Archive for November, 2013

Caught in another lie.

Everyone is talking about the shaky beginnings of the Affordable Care Act. Rightly so. But that isn’t the first time this President backed away from a promise, turned inside-out by bureaucratic and political infighting.

There’s nothing left, as far as I can tell, from the Gender Assignment Initiative that President Obama rolled out in May 2011. The one big speech, then nothing.



The promise was so clear, there was no equivocation then.

      “Under the GAI, if you like your current gender, you can keep it. But when you’re ready to make a change you will be able to go to our website: You will be able to view a menu of choices and, with a few clicks, began whatever degree of reassignment you choose. You will see, clearly presented, the exact cost of every option, and whether you qualify for assistance under the Where-You-Need-To-Be federal tax credit program.”

      “We are absolutely committed to continuum neutrality. We respect the full equality of every point on all definable scales. But, let me repeat our fundamental promise: if you are happy with your gender, you will not be required to change.”

The original website was never fully operational, difficult to log on to, and prone to lock up. But the menus were tantalizing, liberating.

  • Conviction scale.
    Absolutely certain.
    Reasonably certain.
    Curious, yellow.
    Curious, blue.
  • Degree scale.
    Reversal, complete, permanent.
    Reversal, complete, temporary, select term.
    Partial transformation, permanent.
    Partial transformation, temporary, select term.
    Surprise me.
  • Procedure scale.
    Physical, surgical and hormonal.
    Physical, hormonal only.
    Social only, wardrobe.
    Social, wardrobe and pronoun.
    Surprise me.
  • Timeline scale.
    Begin process immediately (requires credit card, charged now).
    Begin at specified date (requires credit card, charged later).
    Save in shopping basket, I’ll be back.
    Empty basket, not today.
    Surprise me.

Oh, well. That was then. Now the refusal of Congress to implement key sections of the new law, especially for setting up the Federal Gender Exchanges, has been compounded by Sequester funding cuts. A flurry of GAI cancellation and reassignment notices has already been issued by the President’s Gender Czar, almost three million in October alone. Pink slips, blue slips, purple slips, the Interior Department has pulled the rug out from under all Americans.

We will be processed one-by-one through the new sex panels, not by our own choice any longer, the assignments will be determined by quota-filling bureaucrats.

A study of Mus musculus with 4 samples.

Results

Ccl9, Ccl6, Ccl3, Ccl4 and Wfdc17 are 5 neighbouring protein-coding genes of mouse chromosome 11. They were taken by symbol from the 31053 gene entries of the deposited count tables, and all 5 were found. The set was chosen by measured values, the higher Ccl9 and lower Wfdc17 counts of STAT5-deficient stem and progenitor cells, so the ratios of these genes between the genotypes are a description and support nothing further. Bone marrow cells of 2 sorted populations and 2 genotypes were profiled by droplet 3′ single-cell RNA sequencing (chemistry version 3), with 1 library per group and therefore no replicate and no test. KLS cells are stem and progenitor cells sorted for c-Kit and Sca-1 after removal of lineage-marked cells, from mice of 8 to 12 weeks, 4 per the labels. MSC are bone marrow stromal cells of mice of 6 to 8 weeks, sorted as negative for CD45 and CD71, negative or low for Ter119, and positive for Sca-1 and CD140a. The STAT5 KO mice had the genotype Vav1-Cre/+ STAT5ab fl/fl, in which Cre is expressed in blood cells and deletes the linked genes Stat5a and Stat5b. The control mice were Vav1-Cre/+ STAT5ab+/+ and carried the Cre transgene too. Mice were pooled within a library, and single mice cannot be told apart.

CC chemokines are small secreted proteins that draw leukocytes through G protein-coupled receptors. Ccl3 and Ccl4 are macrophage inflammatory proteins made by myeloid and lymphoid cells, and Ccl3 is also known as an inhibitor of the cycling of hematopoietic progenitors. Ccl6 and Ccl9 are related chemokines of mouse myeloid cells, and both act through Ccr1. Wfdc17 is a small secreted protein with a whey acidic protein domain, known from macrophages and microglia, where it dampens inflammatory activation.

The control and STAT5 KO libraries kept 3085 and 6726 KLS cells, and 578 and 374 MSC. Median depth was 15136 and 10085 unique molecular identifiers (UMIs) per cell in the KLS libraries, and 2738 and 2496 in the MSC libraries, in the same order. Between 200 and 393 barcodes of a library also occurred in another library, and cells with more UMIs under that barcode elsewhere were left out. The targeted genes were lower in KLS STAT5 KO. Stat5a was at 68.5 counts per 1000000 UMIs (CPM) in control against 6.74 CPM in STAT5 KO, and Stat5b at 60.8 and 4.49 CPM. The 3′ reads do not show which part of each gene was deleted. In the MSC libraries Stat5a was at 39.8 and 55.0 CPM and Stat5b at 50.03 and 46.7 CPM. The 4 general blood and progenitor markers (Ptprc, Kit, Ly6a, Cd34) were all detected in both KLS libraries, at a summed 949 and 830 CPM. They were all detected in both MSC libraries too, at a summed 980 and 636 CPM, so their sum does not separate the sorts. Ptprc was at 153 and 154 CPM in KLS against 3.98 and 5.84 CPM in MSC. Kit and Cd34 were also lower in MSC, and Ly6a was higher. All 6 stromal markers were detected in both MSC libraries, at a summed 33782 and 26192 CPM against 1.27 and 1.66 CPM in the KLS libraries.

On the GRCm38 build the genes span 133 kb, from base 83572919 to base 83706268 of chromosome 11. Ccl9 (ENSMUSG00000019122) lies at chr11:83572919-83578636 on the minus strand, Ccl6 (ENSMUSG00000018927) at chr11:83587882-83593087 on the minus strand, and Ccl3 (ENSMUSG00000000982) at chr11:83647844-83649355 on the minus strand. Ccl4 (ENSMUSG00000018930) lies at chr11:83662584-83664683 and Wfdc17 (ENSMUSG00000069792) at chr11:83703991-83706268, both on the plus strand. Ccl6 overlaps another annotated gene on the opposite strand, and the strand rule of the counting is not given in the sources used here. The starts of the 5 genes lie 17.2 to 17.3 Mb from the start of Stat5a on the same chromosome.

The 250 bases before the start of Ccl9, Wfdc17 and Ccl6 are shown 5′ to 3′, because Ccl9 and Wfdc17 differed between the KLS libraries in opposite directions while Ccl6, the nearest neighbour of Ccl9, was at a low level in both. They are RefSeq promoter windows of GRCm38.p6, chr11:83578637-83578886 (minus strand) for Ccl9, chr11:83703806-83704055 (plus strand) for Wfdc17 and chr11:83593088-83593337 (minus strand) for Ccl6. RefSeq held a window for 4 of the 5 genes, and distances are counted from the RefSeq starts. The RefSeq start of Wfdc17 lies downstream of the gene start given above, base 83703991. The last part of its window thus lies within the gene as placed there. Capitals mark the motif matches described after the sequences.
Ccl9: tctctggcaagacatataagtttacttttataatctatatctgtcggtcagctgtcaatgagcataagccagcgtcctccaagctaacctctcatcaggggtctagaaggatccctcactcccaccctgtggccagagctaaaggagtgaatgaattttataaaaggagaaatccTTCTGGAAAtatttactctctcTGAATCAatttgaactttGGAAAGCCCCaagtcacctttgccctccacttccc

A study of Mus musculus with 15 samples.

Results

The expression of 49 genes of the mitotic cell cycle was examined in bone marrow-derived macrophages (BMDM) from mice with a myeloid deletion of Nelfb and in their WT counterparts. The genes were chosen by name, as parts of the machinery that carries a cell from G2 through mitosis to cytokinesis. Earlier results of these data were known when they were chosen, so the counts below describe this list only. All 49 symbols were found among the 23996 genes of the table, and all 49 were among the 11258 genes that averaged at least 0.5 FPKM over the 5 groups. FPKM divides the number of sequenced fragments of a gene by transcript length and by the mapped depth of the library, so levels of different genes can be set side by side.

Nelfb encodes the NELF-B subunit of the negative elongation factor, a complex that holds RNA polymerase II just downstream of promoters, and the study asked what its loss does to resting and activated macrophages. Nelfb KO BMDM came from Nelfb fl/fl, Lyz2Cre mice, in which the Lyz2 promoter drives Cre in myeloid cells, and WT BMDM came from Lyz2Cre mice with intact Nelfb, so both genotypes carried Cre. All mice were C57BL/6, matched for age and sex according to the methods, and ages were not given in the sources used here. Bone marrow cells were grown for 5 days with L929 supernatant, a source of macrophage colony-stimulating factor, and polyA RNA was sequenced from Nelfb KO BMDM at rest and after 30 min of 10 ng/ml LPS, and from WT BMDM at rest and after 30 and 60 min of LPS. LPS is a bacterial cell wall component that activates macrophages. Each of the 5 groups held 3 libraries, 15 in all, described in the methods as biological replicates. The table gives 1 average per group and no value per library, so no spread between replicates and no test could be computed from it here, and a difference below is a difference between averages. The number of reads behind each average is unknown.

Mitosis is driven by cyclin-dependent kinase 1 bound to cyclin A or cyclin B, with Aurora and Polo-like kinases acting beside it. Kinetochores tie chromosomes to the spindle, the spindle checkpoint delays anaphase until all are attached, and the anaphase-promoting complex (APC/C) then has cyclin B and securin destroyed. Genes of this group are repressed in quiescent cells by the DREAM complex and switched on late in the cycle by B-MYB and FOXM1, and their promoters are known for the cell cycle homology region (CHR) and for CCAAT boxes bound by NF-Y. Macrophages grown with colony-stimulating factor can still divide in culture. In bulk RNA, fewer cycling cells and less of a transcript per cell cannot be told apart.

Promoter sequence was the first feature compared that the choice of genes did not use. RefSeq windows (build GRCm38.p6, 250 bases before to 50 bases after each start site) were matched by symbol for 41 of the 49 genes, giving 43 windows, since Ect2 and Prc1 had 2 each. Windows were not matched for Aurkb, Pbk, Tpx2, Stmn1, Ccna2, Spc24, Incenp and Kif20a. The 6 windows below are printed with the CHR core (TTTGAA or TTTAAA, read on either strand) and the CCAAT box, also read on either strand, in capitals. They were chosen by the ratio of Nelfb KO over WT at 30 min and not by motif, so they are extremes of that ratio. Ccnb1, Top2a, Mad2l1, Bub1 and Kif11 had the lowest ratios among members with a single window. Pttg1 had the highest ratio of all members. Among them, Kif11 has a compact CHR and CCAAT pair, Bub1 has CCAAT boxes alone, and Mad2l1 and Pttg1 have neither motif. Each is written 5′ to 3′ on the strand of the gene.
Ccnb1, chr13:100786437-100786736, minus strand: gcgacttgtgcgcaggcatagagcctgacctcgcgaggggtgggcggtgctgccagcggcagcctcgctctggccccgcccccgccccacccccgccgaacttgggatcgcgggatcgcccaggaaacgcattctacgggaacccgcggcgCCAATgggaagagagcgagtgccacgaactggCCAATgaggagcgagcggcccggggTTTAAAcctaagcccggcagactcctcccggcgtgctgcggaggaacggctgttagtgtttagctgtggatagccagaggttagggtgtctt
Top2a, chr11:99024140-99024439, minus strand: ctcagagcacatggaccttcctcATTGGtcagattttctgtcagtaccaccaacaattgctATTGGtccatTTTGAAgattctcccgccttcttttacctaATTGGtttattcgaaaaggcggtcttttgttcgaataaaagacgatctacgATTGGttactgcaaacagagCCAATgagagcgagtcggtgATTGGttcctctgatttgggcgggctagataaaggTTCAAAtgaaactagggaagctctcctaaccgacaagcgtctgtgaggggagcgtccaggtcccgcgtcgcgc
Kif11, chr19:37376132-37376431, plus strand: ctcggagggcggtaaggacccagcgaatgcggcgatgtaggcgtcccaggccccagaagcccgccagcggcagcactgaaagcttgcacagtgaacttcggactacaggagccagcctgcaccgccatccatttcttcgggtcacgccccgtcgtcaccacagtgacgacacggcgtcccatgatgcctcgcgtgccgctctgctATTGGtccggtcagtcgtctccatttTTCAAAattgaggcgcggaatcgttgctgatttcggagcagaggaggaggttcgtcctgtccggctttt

As everybody knows, those who are condemned to remember history must be prepared to repeat it.

Join today at the HOOP! website (Hands Off Our Privates!): No contribution is too large, and no support is better than none at all.




At her house, her husband’s and son’s house now, we met this afternoon to celebrate the life and spirit of a friend whose body had failed. She died half a year ago, suddenly and too soon.

      Julia released four white doves, three from the large basket then, a moment after, a single bird. They shot towards the ridge behind us, whiter than any real creature could be, swooped down over the valley below, the one dove cutting across, almost colliding, synching with the flock. They circled all four once more before passing beyond the ridge and our view. The three horses in the high pasture let go their trance: they had frozen, heads up, lined up, in perfect profile, at the first shudder of the wings of the freed birds.

DOVE1, borrowed image.

Impossibly white.


They will get home, twenty-one air miles, Julia said, long before she will. We had sung a song, cheerily dark, read and recited poems, holding close in memory, at the same time letting go of Dory’s spirit. The Royal Black Cherry settled into its hole with help from a hundred hands. Inside, the feast was waiting.

Live long, Dory Brown, in the hearts of family and friends, in the aggregated recollection of all your intersecting communities.



She seems nice. Edit, adit, obit: ever a crossword.

I met her on the internet, I replied to her ad. Smooth sailing, surely, thence-from-there-forward.

She’s freelance, doesn’t work for a house. But her eye is good, and relentless. Some degree of compassion, also, I’m almost sure. Trust but verify. If you can.

Rates are within trade norms, fuzzy edges, though between the copy- and line- options.

But Ghost Walk is a big book, many pages, many words, many hours. Is she up to it? And is the edit worth the fee? Measured along what scale, or against what result?


Book Three.



I think so. But there is not a more intimate relation than a writer with an editor. Success in collaboration is not guaranteed nor in any way insurable. How will this end? All previous winnings bet on one number, on one spin, with no hedging on the red or even halves. What would Geoffrey do? What would Ellen do? So much easier to write their parts than mine.

Oh, look, that’s it: edge of the cliff. To the metal, Thelma, fly! Where’s my blankey?